The ‘wishbone’ of birds comprises two clavicles fused into a structure1 known as a furcula. In an influential 1926 book on bird origins by Heilmann2, the furcula's supposed absence in dinosaurs was considered powerful evidence barring them from bird ancestry. A furcula has now been found in several theropod dinosaurs3,4, but its absence in other theropods, and the uncertainty of whether this absence is real or an artefact of preservation, obscures the evolutionary history of this structure5. Here we report the discovery of a furcula in Dromaeosauridae, a group posited to be the closest relative of birds6,7.


Among close bird relatives (non-avialian Maniraptora), a furcula is known only in Oviraptoridae8. Although a furcula was tentatively reported to be present in an articulated skeleton of Velociraptor mongoliensis preserved embracing a Protoceratops skeleton3,6, the only firsthand description of this specimen maintained that it is not present8, and our observations of that specimen confirm this. A furcula has not been identified in any of the other five described species of Dromaeosauridae. Other taxa either lack any evidence of clavicles or, in one troodontid specimen9, clavicles are present but not fused. But the rarity of articulated specimens, the similarity of the furcula to ribs and gastralia, and incomplete preservation conspire to obscure whether this absence is real.

A partial skeleton of Velociraptor mongoliensis (specimen IGM 100/976) was discovered at Tugrugeen Shireh, Mongolia, during the 1991 expedition of the Mongolian Academy of Sciences-American Museum of Natural History Expedition. The specimen consists of a nearly complete skull and the anterior part of the skeleton, preserving derived characters that allow definitive reference to Velociraptor mongoliensis10. The bones are heavily bioturbated, and many elements are punctured by borings similar to those often present in Djadokhta Formation sediments11, but the specimen is otherwise very well preserved and articulated. The block that holds the furcula also preserves a pair of sternal plates, posterior cervical vertebrae, the proximal ends of both humeri, the coracoids and the right scapula. The specimen is large relative to others of this species, and the cervical ribs are nearly fused to the vertebral centra, indicating that the specimen is near full-size.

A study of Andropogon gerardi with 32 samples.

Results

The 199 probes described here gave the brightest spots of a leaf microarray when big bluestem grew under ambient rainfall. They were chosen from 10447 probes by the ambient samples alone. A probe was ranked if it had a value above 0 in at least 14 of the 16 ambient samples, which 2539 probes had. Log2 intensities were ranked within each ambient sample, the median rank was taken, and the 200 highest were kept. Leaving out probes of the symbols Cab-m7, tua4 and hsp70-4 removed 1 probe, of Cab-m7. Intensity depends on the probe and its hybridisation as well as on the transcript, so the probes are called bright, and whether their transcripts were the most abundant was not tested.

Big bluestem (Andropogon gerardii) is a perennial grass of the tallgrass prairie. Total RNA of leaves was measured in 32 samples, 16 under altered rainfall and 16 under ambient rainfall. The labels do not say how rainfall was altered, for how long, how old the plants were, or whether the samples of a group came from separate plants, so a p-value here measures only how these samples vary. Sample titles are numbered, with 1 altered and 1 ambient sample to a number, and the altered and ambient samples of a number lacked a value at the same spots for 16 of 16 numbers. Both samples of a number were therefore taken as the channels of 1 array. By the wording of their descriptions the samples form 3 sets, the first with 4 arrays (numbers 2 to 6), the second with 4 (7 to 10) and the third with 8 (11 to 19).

The furcula is in articulation between the scapulocoracoids anterior to the sternal plates (Fig. 1), in the same position as in oviraptorids and birds. The bone is ‘V’-shaped and very slender, much thinner than in oviraptorids and Archaeopteryx. In cross-section it is nearly circular. A short midline process, the hypocleidium, extends posteroventrally. The proximal, or epicleideal, process sweeps posterodorsally to articulate with the acromion of the scapulocoracoid. The proximal process of the furcula tapers to a point where it contacts the scapulocoracoid, and the posterior articulating surface contacting the acromion is smooth.

Figure 1: V. mongoliensis specimen IGM 100/976 with ‘V’-shaped furcula.

a, Ventral view of anterior trunk region. c, posterior cervical vertebrae; f, furcula; lc, left coracoid; vr, ventral ribs; lst, left sternal plate; rst, right sternal plate; rh, right humerus; rs, right scapula; rc, right coracoid. b, Detail of same region.

The broad distribution of a furcula among the non-flying relatives of birds4,5,8,12 indicates that its origin is not tied to the origin of flight. The furcula's use in powered avian flight is therefore a co-option of a structure already present before flight evolved in the lineage leading to modern birds4. The discovery of a furcula in a taxon previously known from an articulated specimen underscores the difficulty of assessing whether the apparent absence of this feature is real or an artefact of preservation or ontogenetic sampling5.